Good looking. Refined and comfy. PHEV tech is clever
Not an engaging drive, limited options at the moment
What is it?
Renault’s Megane dates back all the way to 1995, and the version currently on sale is the fourth generation of the French company’s stalwart family hatchback. You’d think that it would be an absolutely bread and butter model, but with people moving to fancy electric cars or more fashionable SUVs, the humble Megane has been somewhat left behind.
Didn't this used to be stylish?
It did use to look a lot cooler, perhaps that’s part of the issue. The second generation was quite the looker, especially when it started shaking its backside for the adverts (you might have to look that one up), but now the car has drifted off so far into anonymity you’d have trouble finding it in a car park again. The front end with its conjunctivitis-style DRL was distinctive when it was first pasted on the Megane, but now it has been replicated across the whole Renault range it’s lost some of the charm.
Choosing your Megane is easy at least – there are just the two trim options available across the hatchback and estate body styles, as well as the full fat sporty R.S. hatch. The engine choice is even easier as we write this in September 2021, with any motor you like as long as it’s the 158bhp plug-in hybrid version. So choose your trim, settle on one of the 10 possible paint colours and you’re off.
What’s the hybrid system like?
It’s all a bit complicated under the metal, but you needn’t worry, because it’s all very simple to drive. It’s the same set-up as you’ll find in the hybrid versions of the Clio and Captur (although the Clio doesn’t have a plug, so it’ll just go a mile or two on recuperated energy), with a 1.6-litre petrol engine backed up by two electric motors.
The larger electric motor does the heavy lifting, getting the car about the place, while the smaller one lends a hand occasionally while also covering starter motor duties and sorting out the trick gearbox. Every carmaker says that it’s a seamless transition between electric and petrol power in its latest hybrid, but the Renault does a particularly good job of ensuring that’s not merely PR spin. The combustion engine does occasionally get a bit dramatic, but that only underlines the quietness the rest of the time.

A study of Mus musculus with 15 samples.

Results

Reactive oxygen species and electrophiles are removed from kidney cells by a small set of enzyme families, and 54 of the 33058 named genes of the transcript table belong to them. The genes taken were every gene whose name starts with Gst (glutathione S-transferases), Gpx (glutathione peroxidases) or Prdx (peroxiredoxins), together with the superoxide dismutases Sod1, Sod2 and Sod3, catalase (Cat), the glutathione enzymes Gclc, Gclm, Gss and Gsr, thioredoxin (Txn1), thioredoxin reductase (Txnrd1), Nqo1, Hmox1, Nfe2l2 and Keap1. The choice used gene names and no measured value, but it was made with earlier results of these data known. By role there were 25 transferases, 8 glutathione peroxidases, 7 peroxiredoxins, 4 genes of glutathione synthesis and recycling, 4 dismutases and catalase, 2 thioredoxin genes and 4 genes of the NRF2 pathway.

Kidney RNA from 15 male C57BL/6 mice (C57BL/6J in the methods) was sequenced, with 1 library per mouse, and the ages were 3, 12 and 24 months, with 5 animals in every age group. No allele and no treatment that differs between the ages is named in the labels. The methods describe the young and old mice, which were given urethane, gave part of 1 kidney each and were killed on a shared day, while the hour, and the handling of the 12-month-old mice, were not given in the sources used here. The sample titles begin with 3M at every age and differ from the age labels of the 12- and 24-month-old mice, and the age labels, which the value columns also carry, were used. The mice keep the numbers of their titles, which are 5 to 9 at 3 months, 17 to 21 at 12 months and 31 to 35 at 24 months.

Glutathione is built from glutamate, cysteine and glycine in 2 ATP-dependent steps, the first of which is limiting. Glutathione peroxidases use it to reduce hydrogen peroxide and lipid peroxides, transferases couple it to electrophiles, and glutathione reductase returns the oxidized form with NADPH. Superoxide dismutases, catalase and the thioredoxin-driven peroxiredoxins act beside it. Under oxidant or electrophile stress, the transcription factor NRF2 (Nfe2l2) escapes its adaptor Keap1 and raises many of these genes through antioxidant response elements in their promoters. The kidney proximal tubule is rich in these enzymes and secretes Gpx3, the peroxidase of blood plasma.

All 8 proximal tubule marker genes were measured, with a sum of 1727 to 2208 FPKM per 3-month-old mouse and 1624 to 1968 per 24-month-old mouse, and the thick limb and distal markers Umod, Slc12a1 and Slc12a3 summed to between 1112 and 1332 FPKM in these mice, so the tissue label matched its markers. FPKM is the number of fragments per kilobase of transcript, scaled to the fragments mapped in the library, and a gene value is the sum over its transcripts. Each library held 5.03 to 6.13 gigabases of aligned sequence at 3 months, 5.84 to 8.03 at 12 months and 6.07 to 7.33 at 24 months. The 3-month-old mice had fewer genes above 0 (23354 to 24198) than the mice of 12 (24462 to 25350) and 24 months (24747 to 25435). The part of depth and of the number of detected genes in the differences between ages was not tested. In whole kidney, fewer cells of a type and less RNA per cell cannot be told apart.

A range of 30 miles from the 10kWh battery isn’t particularly impressive, but the Megane does a good job of being a hybrid even after that juice runs out.
Our choice from the range
What's the verdict?
The Megane is a pretty car, quiet, and well equipped. But so are some rivals. The Megane's trick is the smooth ride. Most cars this size have a sportier suspension tune, which you might not want for your family bus. And the ones that are this comfy are usually baggier than the Renault in the steering department.
But at Top Gear we value a bit of spirit in the driving. Compared with crossovers, the Megane is fine, but as a hatch or estate it's pretty unengaging. So across most of the Megane range we'd struggle to find a reason to send you to a Renault dealer.
But if your driving is mostly a commute, and you have somewhere to install the charge socket, the Megane is definitely worth a look. Again it's no ball of excitement, but it’s hassle free and thrifty for long journeys.